In an FDA Executive Summary (PDF) published as part of a public advisory committee meeting held earlier this week, the FDA revealed that about 40,000 Medical Device Reports were linked to breast implant problems last year.
While breast implant ruptures are the most commonly reported problem, the agency is also concerned about the number of reports linked to breast implant-associated anaplastic large cell lymphoma (BIA-ALCL) and a group of unconfirmed, rheumatologic health problems often referred to as breast implant illness.
Despite growing concerns, the panel of FDA advisors decided against recommending any breast implant recalls, indicating that it was too early to determine whether the risks were limited to specific breast implant designs.
The meeting was a two-day public hearing of the FDA General and Plastic Surgery Devices Panel, which involved discussion about the risks and benefits of breast implants for both reconstruction and cosmetic augmentation.
According to the summary, the FDA has received more than 30,000 breast implant medical device reports (MDRs) every year since 2009. It saw the highest number of reports, about 50,000, in 2017. That number dropped to about 40,000 in 2018, which is still higher than every other year on record, except 2017.
On the risk of lymphoma linked to certain breast implants, the FDA notes that the American Society of Plastic Surgeons reports that there have been 673 worldwide cases of BIA-ALCL, with 16 related deaths, as of January 16, 2019. The FDA’s MDR reports suggest 457 incidents and nine deaths. However, the agency admits in the report that using the MDR reports to determine the exact number of cases may be faulty.
“MDR is a method of passive surveillance, because it accepts reports, but does not actively interview every patient and manufacturer for information. Therefore, FDA cannot use MDR data to state with certainty how many patients have been diagnosed with BIA-ALCL,” the report notes. “Secondly, it is impossible to determine what percentage of patients who have received a breast implant have been diagnosed with BIA-ALCL, because there is no definitive accounting of the total number of breast implants.”
Assessing the prevalence of a group of health problems known as breast implant illness (BII) has been even more difficult, the FDA report notes. While some studies have suggested breast implant illness exists and are primarily rheumatologic conditions and connective tissue disorders linked to the use of silicone breast implants, the condition has not been confirmed, and the term is mostly used by breast implant patients and not the medical community.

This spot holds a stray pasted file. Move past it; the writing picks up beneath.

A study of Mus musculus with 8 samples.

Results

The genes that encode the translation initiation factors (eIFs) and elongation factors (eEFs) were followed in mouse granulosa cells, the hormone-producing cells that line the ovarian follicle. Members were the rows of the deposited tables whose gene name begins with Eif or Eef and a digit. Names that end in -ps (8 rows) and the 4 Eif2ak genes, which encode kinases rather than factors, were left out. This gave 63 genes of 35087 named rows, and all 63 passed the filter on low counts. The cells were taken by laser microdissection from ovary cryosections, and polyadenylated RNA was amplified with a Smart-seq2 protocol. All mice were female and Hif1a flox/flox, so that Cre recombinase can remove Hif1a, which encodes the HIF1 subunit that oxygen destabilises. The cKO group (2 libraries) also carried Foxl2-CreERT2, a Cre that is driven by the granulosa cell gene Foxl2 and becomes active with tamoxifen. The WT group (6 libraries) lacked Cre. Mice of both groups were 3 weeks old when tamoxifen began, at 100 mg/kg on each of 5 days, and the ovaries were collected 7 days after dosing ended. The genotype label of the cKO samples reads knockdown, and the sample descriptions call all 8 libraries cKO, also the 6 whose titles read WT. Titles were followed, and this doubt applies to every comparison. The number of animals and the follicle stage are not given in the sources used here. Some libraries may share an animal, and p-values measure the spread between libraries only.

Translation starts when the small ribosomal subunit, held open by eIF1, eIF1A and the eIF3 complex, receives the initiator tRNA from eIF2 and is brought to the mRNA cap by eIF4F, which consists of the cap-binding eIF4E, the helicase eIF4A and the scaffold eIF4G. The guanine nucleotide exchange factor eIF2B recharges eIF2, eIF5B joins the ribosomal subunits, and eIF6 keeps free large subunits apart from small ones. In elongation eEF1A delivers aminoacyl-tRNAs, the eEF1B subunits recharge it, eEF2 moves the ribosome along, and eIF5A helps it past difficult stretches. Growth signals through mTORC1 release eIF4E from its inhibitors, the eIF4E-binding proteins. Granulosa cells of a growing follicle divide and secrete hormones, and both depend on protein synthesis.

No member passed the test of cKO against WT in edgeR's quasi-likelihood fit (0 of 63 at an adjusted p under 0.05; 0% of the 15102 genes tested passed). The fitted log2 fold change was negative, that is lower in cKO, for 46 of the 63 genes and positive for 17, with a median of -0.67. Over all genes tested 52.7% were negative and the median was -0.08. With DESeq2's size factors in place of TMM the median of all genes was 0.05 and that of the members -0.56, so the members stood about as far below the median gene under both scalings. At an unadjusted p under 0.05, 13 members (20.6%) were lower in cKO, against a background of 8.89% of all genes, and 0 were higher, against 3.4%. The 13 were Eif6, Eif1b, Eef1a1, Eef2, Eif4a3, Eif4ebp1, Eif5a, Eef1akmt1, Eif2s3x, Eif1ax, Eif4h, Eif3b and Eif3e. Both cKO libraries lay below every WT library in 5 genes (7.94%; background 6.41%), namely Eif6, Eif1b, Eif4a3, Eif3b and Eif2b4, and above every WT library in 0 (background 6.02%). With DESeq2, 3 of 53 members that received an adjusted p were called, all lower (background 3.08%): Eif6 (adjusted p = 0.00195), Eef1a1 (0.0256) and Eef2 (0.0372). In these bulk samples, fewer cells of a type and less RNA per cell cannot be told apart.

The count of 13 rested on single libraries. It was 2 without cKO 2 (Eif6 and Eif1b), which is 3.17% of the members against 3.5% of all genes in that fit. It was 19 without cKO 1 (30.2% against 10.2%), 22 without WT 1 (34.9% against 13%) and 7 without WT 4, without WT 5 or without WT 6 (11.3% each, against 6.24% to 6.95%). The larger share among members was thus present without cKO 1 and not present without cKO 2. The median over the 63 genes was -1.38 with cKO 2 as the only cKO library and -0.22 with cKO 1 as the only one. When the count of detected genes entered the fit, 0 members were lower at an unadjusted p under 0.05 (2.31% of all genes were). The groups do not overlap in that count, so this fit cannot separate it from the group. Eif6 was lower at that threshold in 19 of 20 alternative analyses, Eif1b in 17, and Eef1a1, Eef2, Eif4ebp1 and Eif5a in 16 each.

This made even knowing what to look for in the agency’s MDR reports difficult, the FDA notes. However, using a number of search terms commonly linked to breast implant illness, the FDA found 1,328 potentially related reports, split almost evenly between silicone and saline breast implants. The agency also found four deaths which may be linked to breast implant illness as well.
The top five reported symptoms included fatigue, brain fog, rash, joint paint, and memory loss. The FDA is also having all breast implant manufacturers conduct post-marketing studies to assess breast implant illness risks and veracity. Earlier this month it sent warning letters to Mentor and Sientra for falling behind on those studies or poorly executing them.
The two-day hearing covered information on BIA-ALCL and breast implant illness, as well as the potential for breast implant registries, on the first day. The second day focused on the use of surgical mesh in breast reconstruction and mastopexy, MRI screening of ruptures, and breast implant risk communication.
The panel was asked to make recommendations on characterizing BIA-ALCL and its risk factors, methods of assessing and addressing breast implant illness symptoms, to make MRI screening recommendations for some types of breast implant ruptures, and to discuss how to best assess the safety and effectiveness of using surgical mesh for breast reconstruction. The panel was also asked to discuss better ways of informing patients of breast implant risks and the potential use of breast implant registries.
The panel’s recommendations are not binding on the FDA, however they are a crucial part of how the FDA sets new policies and regulations.